When schools share students’ protected health information (PHI), sometimes it can be confusing to know whether the Family Educational Rights and Privacy Act (FERPA) or Health Insurance Portability and Accountability Act (HIPAA) applies.
The two Federal laws cannot pertain to the same record at the same time, so if FERPA applies HIPAA does not and vice versa. But how do schools know whether the transmission of their student health records should be FERPA or HIPAA compliant?
When health records are subject to FERPA
In most cases, FERPA applies to schools unless the provider of healthcare is a health plan, healthcare clearinghouse, or healthcare provider who electronically transmits health information. However, even in this case, many schools aren’t required to be HIPAA compliant if the school maintains health information only in student health records that are considered education records under FERPA.
In this scenario, the school has to comply with FERPA’s privacy requirements. This includes the requirement to obtain parental consent to disclose billing information about a service provided to a student.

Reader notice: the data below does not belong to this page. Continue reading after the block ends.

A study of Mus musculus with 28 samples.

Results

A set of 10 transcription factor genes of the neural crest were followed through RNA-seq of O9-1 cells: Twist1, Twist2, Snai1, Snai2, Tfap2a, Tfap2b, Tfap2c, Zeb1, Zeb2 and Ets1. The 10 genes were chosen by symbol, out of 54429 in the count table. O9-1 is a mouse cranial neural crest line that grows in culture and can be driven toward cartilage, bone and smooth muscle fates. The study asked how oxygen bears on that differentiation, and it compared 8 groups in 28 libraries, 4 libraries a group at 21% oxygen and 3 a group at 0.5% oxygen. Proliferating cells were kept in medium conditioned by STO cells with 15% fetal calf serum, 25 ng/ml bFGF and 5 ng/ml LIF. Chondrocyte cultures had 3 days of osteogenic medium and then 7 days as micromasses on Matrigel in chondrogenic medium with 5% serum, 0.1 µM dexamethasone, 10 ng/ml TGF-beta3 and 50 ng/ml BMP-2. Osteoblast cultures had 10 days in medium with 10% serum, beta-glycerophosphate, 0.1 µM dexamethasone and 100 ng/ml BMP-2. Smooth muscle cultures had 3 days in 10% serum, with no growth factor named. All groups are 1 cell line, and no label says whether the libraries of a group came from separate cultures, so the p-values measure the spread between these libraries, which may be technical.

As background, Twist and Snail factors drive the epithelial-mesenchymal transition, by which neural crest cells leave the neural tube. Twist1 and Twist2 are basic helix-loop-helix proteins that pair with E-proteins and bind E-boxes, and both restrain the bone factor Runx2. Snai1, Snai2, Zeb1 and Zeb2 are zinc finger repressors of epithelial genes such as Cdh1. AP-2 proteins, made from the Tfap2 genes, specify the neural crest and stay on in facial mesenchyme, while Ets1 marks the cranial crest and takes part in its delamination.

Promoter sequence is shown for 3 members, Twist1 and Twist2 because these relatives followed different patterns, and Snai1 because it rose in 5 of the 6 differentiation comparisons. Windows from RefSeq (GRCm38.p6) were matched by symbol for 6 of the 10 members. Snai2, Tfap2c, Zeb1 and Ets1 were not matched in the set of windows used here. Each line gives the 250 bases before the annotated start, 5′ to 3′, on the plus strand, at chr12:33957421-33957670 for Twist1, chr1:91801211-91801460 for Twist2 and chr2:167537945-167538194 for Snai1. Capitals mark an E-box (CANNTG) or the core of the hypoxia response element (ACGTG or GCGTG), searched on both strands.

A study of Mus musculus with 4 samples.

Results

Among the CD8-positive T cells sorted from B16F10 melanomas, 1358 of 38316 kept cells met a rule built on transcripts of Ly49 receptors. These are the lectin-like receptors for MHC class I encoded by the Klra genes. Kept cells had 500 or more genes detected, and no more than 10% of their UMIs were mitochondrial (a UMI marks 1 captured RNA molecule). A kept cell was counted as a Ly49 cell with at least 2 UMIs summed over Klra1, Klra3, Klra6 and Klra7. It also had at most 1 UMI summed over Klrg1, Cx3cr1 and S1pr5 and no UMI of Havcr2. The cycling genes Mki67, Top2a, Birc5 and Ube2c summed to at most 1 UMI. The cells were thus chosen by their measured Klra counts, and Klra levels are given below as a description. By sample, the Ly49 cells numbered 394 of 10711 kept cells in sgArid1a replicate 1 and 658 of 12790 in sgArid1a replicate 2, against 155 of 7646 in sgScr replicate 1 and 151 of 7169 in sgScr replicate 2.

When health records are subject to HIPAA
In the event that a school employs a healthcare provider who electronically shares PHI, such as submitting healthcare claims to a health plan for payment, the school must be HIPAA compliant.
The range of healthcare providers covered by HIPAA includes:
- Clinical social workers
- Other medical and mental health practitioners
- Organizations that present bills or are paid for healthcare in the normal course of business
Even if the school-based provider uses an offsite billing service to transmit electronic records it is not exempt from HIPAA. Tools like Paubox’s HIPAA compliant encrypted email can integrate with a school’s existing IT infrastructure to provide a seamless and secure email solution.
Whether FERPA or HIPAA applies to a school’s health information, these laws are in place to protect student’s privacy. Electronic transmission of PHI requires adequate safeguards to ensure that it’s shared without unwarranted disclosure. Organizations that are non-compliant can face stiff penalties and fines, including for workforce violations.